This article was written by Alex Steffen in February 2008. We're republishing it here as part of our month-long editorial retrospective.
I'd love some help thinking something through.
Jer's December post Your Stuff: If It Isn't Grown, It Must Be Mined really got me thinking about metals, mining and sustainability (it's an absolutely classic Worldchanging post, if you haven't already read it). I've been contemplating some of the implications.
Industrial activity emits a bit more than 18% of all the CO2 we spew out each year.
About 56% of that pollution, globally, is from metal production.
What can be done to lower that total? Jer runs through many of the current best practices, from recycling metals to better mining techniques. These are all good, but all have some limitations. Ultimately, as Jer says, "our industrial economy will be made up entirely of recycled and biologically grown material."
In the meantime, we need to take steps towards making that possible. I'm interested in the side of the equation that doesn't involve mining or smelting: changes in the way we design, sell and use metal-based products.
Most of them seem to me to boil down to four essential strategies:
1) avoid the creation of the thing in the first place;
2) reduce the need to use the thing on a regular basis, allowing the product to become a service shared by more people and thus reducing the total number made;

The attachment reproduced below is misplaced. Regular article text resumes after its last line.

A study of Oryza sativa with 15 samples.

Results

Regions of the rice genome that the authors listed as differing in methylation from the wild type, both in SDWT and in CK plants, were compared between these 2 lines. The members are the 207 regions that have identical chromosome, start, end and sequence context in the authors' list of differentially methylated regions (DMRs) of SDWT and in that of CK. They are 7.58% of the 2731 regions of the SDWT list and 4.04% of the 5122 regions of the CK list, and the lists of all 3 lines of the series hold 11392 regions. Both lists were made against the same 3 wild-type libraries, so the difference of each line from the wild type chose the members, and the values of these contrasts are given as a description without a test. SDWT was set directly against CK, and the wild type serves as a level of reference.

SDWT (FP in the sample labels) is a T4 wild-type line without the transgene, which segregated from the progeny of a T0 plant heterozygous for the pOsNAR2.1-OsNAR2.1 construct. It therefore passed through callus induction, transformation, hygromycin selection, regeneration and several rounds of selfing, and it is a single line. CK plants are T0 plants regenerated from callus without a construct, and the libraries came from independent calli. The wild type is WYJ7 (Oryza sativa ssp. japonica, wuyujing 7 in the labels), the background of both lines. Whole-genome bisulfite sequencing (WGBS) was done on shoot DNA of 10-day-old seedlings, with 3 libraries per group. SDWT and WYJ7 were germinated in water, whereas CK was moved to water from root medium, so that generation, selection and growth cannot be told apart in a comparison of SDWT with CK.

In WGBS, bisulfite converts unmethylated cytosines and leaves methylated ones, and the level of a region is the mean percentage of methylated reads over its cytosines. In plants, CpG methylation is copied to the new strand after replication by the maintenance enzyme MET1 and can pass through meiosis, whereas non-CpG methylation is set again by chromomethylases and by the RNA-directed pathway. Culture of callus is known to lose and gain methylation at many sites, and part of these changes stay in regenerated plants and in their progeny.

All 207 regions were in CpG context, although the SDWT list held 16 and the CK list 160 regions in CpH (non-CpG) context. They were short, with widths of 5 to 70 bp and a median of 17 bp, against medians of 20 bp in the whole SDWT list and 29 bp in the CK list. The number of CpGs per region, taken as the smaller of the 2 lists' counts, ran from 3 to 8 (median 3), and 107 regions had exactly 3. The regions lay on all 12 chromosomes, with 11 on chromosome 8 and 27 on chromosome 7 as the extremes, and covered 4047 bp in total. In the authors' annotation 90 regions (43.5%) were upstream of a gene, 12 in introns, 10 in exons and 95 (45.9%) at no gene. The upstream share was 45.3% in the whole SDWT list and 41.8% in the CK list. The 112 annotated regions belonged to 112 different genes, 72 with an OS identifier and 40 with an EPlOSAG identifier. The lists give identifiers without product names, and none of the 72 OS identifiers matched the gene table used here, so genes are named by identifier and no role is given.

3) design the thing to last a long time and be repairable or upgradeable, reducing the need for replacements;
4) design the thing to be as completely recyclable as possible, and require the producer to be responsible for its end-use.
Take the car. The best approach is to design our cities and transportation systems such that people don't have cars at all; the next is to make car-use occasional enough that car-shares can meet people's automotive needs, greatly reducing the number of cars on the road; the next is to manufacture those cars in such a way that they can be easily repaired, maintained and upgraded, greatly extending their lifecycles (hopefully while continuously improving their performance); and the last is to make sure that when that car goes to the junk yard, as much of it as possible ends up in another newly-manufactured car.
So far, so good. But what other post-smelting strategies for reducing the impact of metals might we imagine? What other clever ideas are out there? What timelines are possible, realistic? I'd love your ideas, resources and recommendations.
Bright Green Metal is part of our month long retrospective leading up to our anniversary on October 1. For the next four weeks, we'll celebrate five years of solutions-based, forward-thinking and innovative journalism by publishing the best of the Worldchanging archives.